The depth and deft use of literary devices involved in Mother Panic is unexpected. Jody Houser is reaching into the dark shadows of Gotham to create an intriguing, complex anti-hero. Mother Panic #4 oozes angst and mystery; with labyrinthian plot threads that will make readers cry out in joy and frustration as any clear significance can only be assumed.
Each issue of Mother Panic has unveiled a minuscule amount of detail about Violet Paige’s childhood. In Mother Panic #4, Houser again supplies a minimal amount of flashback material surrounding Paige’s upbringing at Gather House. The issue, however, implies violence and suffering within its key events and reveals more about Paige’s background than a few panels of flashbacks.
At the issue’s climax, Paige faces off against a lanky, androgynous villain bent on blowing up one of Gotham’s social elite. The target happens to be on Paige’s revenge list. The fight takes place in an eerie, off-putting office styled after a children’s playground. The setting awakens a connection between Paige and the bomber that aligns their quests. The altercation alludes to a connection between the two characters, uncovering more emotional trauma centered around Gather House than any of the previous three issues.
Houser excels at building on the enigmatic qualities of Paige. The different aspects of Paige’s life and personality are deftly mixed together to create a cohesive plot that still leaves readers wondering what the heck is going on. Monster Panic #4 begins with Paige fulfilling her role as a brash, unapologetic, Batman-bashing socialite, and fluidly moves through her broken childhood innocence, relentless vigilantism, right to a fairly touching moment of familial love. All of this builds Paige’s complexity and uniqueness while giving her clear connections to Batman’s personal mythos.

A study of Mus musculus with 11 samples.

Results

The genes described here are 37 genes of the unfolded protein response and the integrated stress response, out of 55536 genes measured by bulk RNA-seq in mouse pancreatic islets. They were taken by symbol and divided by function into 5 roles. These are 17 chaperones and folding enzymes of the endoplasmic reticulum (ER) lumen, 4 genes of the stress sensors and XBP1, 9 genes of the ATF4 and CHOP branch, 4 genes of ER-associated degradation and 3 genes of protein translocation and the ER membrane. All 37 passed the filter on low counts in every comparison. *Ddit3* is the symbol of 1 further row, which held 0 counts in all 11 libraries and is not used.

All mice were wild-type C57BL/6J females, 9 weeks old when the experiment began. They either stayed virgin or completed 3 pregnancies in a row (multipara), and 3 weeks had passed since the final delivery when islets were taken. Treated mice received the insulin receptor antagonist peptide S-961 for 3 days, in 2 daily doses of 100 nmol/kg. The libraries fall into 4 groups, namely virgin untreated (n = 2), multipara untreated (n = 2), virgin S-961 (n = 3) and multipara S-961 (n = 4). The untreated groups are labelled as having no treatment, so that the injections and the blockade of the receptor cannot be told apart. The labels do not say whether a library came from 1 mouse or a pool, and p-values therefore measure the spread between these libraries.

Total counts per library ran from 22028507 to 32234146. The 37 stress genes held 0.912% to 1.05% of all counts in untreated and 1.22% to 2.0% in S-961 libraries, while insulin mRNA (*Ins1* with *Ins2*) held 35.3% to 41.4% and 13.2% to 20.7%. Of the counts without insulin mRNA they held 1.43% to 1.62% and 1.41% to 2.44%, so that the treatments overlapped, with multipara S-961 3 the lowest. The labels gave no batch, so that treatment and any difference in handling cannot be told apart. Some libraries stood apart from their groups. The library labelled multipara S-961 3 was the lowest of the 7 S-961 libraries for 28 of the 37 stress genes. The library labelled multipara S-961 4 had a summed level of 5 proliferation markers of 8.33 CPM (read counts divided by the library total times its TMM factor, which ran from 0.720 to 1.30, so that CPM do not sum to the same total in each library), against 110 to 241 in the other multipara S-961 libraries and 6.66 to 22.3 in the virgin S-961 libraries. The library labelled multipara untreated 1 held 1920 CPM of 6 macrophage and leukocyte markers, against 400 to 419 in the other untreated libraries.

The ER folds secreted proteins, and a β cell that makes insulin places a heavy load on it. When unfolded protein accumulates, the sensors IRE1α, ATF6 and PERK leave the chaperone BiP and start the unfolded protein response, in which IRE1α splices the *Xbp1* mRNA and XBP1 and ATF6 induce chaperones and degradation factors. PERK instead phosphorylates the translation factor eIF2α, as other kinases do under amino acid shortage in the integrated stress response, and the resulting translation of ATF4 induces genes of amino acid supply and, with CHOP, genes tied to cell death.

While Houser flexes considerable creative muscle throughout the issue, the change from Tommy Lee Edwards to Shawn Crystal on art is a bit of a letdown. Edwards’ chaotic, scratchy style set an appropriately dark, cold tone for the visuals. Under Crystal the art still maintains the violence and anger from before, but it looks warmer and more cartoonish. I’m not necessarily saying the artwork is poorly done. But the look and feel that Edwards had created was such a perfect fit, that it’s hard to enjoy a change this early in a series.
However, Crystal’s are feeds into Houser’s ability to imply details instead of overtly stating them very well. As Paige begins to realize the connection between herself and the bomber, Crystal links the realization to her role as Mother Panic with a simple embedded image of the Mother Panic helm. While the change in artistic duties may be too early in the series for my personal taste, it’s at least a change that still plays to the story’s strengths.
If you’re not reading this series, you really should look deep within yourself and ask why? Houser exhibits some very complex, well-developed writing skills that make everything about this issue shine. Mother Panic is a slow-burn, full of angst and intrigue. With four issues on the stands, it’s clear this is a series that demands attention.